Sliding backwards? SDGs in the time of Covid-19
May 21 @ 1:00 pm - 2:15 pm
Mitigating the spread of Covid-19 is currently on top of every country’s agenda. This means efforts to create long-term sustainable development have been pushed aside or halted. On 21 May, we will discuss how progress towards the UN’s Sustainable Development Goals might be implicated by the wider effects of Covid-19. What will be the ripple effects of this uncertain period on developing countries?
Watch a recording of the event here:
Dr Jasmine Gideon is a Senior Lecturer in Development Studies in the Department of Geography, Environment and Development Studies at Birkbeck University of London. She is also the Principal Investigator on an ESRC GCRF network – Equalities in Public Private Partnerships (EQUIPPS) which seeks funding to identify and fill research gaps in developing countries across four sectors: education, health, housing and water. Dr Gideon’s research interests include the gendered political economy of health in Latin America and issues around health and migration. She has carried out consultancies for a range of institutions including UNIFEM, DFID and the Ford Foundation. Dr Gideon completed an undergraduate degree in History, before completing a Masters and a PhD in Development Studies.
Dr Gideon’s full biography is available on Birckbeck’s website.
Dr. Kaja Abbas is an Assistant Professor in Disease Modelling in the Department of Infectious Disease Epidemiology at the London School of Hygiene & Tropical Medicine (LSHTM). He is a theme lead in current research on vaccination with the Centre for the Mathematical Modelling of Infectious Diseases and a member of the Vaccine Impact Modelling Consortium, where he models the health impact of HPV vaccination of adolescent girls in low and middle-income countries. Dr Abbas’ research area is vaccine impact modelling at the interface of infectious disease epidemiology and health economics, with a focus on estimating the health and economic impact of vaccination programmes. Dr Abbas is a corresponding author of the recent study Benefit-risk analysis of health benefits of routine childhood immunisation against the excess risk of SARS-CoV-2 infections during the Covid-19 pandemic in Africa. The study concludes that the health benefits of routine childhood immunization programmes in Africa far outweighs the Covid-19 risk associated with these vaccination clinic visits.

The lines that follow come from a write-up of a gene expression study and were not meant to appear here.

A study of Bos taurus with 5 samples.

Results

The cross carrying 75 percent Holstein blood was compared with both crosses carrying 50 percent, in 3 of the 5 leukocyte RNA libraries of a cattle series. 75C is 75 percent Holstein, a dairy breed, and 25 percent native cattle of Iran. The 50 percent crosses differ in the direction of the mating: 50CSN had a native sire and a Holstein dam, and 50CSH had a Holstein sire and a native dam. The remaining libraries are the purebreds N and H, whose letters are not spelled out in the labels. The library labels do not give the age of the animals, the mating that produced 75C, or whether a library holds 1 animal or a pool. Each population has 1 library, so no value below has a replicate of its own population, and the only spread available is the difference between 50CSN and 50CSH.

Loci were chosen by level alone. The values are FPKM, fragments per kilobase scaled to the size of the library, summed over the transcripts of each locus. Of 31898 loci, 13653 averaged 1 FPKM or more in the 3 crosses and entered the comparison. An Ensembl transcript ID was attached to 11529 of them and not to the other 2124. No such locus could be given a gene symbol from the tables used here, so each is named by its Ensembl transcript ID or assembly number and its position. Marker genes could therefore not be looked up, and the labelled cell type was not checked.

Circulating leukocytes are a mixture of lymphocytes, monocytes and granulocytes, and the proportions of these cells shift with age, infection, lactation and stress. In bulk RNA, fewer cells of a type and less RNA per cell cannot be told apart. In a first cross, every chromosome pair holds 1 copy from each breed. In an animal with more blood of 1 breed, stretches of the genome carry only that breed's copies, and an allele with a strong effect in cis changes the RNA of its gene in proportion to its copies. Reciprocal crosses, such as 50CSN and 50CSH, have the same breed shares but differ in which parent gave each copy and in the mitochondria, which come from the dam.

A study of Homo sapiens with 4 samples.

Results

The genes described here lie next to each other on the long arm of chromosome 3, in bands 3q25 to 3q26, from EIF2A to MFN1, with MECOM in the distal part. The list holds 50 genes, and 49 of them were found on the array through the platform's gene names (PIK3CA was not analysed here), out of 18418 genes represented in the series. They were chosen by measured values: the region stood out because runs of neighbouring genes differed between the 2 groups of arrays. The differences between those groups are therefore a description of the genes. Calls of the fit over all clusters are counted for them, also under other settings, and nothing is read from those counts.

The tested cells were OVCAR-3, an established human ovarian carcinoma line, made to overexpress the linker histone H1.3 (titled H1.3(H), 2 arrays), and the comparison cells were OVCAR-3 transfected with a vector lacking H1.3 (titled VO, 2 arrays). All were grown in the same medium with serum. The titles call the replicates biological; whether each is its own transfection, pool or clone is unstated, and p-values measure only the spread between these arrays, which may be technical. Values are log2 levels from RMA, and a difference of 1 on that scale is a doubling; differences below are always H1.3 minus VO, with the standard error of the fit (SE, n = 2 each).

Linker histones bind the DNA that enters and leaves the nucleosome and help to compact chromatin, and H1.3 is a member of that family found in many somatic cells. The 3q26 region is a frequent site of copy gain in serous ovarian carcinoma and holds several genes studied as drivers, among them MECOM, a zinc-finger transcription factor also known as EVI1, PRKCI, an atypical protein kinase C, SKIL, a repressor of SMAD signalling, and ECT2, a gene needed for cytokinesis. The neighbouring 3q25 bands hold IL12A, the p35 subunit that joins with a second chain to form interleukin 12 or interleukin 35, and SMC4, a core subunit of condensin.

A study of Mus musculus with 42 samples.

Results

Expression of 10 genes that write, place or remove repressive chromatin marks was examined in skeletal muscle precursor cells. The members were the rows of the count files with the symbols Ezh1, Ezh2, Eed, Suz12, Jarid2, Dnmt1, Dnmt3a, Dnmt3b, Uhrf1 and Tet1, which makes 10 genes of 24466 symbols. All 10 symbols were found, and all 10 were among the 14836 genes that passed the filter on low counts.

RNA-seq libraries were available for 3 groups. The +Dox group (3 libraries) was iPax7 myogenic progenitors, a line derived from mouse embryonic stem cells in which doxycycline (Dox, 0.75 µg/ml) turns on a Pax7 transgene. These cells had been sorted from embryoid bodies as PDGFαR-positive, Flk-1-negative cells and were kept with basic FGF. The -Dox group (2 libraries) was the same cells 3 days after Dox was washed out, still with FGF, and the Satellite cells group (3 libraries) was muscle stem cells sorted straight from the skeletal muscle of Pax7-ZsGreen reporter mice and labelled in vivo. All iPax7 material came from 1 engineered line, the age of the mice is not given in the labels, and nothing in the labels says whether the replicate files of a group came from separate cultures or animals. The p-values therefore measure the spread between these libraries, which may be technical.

Dr Abbas’ full biography is available on LSHTM’s website
Dr Subir Sinha is a Senior Lecturer of Institutions and Development, in the Department of Development Studies at SOAS University. He has studied History at the University of Delhi (BA) and Political Science at Northwestern University (MS, PhD), and has previously taught at Northwestern University and the University of Vermont. His research and publications are in the fields of Marxist and postcolonial theory, and cover themes such as social movements of the urban and rural poor, nature and primitive accumulation, contestations over development, the transitions of democracy into authoritarianism, and civil society and forms of political solidarity in India.